House Bill 1937
State Rep. Jessica Gonzáles (D-Dallas) filed House Bill 1937, giving counties and municipalities legislative control over recreational use of cannabis.
Filed on February 6th, 2023, the bill further goes on to state Texans ages 21+ may posses and transport up to 2.5 ounces of marijuana. In addition imposing a 10% tax on all cannabis products. Which would go to cannabis regulation, cannabis testing and quality control, government oversight and to school funds.
“Twenty-one states in America have legalized cannabis, and twenty-seven states have decriminalized the use of cannabis. In a recent study, a majority of Texans supported some form of legalization of cannabis use,” stated Gonzáles. “While Texas has made progress with the Compassionate Use Act, we have been left behind on a potential revenue source that would increase investments in public education, stop unnecessary arrests for cannabis possession, and create jobs in our state.”
Gonzáles is right, a majority of the state are in indeed favor of some form of marijuana legalization. Within the past election, five Texas cities have voted to decriminalize low-level marijuana possession. Voters in Denton, San Marcos, Killeen, Elgin, and Harker Heights followed Austin’s lead in cannabis law reformations. Together with new rules blocking cities from funding THC concentration tests, and removing marijuana smell as a probable cause for search and seizure in most cases.
In addition, 32% of all Texas voters believe possession of small amounts of marijuana for any purpose should be legal. Followed by 23% of voters believing possession of any amount for any purpose should be legal. 28% believe cannabis should remain reserved for medicinal use. And 17% stand by keeping marijuana illegal.
State of Affairs
Since 2019, cannabis legislation within Texas has been akin to mental gymnastics. Lawmakers still struggle to this day with clear-cut policies on marijuana derivatives alone, such as hemp and Delta-8.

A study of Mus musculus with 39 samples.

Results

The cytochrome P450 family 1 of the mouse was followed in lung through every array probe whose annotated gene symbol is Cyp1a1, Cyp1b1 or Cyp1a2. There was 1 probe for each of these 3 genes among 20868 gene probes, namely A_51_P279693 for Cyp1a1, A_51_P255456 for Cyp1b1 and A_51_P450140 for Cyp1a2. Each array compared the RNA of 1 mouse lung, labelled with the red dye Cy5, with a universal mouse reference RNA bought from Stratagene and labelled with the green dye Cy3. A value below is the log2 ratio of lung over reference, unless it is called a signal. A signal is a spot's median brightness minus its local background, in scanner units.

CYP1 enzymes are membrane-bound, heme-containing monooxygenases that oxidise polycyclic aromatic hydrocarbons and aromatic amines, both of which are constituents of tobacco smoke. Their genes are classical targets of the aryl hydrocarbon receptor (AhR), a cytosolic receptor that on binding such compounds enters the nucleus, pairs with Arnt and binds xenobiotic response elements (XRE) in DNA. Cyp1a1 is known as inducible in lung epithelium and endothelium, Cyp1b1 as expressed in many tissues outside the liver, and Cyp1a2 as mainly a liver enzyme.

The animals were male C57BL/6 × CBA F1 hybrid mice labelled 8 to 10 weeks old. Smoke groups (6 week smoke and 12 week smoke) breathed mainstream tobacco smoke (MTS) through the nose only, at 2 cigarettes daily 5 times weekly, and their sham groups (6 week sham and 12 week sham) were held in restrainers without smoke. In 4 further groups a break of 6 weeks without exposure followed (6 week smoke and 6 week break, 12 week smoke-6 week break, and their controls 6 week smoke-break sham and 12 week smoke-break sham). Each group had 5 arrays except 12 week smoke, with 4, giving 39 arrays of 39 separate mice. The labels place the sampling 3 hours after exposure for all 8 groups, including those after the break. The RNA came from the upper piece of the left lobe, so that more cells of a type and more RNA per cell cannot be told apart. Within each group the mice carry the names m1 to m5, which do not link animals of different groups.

For instance, Texas law clearly states that the possession and use of marijuana is illegal — and has been since 1931. Hemp became legal in Texas by House Bill 1325, signed by Gov. Greg Abbott in 2019. Lawfully, hemp is not considered marijuana due to its low THC concentration (≤0.03%). Tetrahydrocannabinol, more commonly known as THC, is the major psychoactive component of cannabis. Meaning it is responsible for the “high” associated with marijuana use.
Herein is where the true issue of cannabis laws lie. Prosecutors and law enforcement agencies are now required to test for THC in low level marijuana cases. However, public testing labs are ill-equipped to quantify THC concentration, or lack testing methods whatsoever. Thereby leading to pot prosecutions to drop by the numbers, or thrown in judicial limbo.
Overall, the political climate in Texas regarding marijuana is seeing a gradual shift. Does that mean House Bill 1937 has a chance? Rep. Gonzáles filed a similar bill in 2021, but it did not go up for vote. But with more and more counties and cities joining decimalization, advocates see a possible future where things may be different.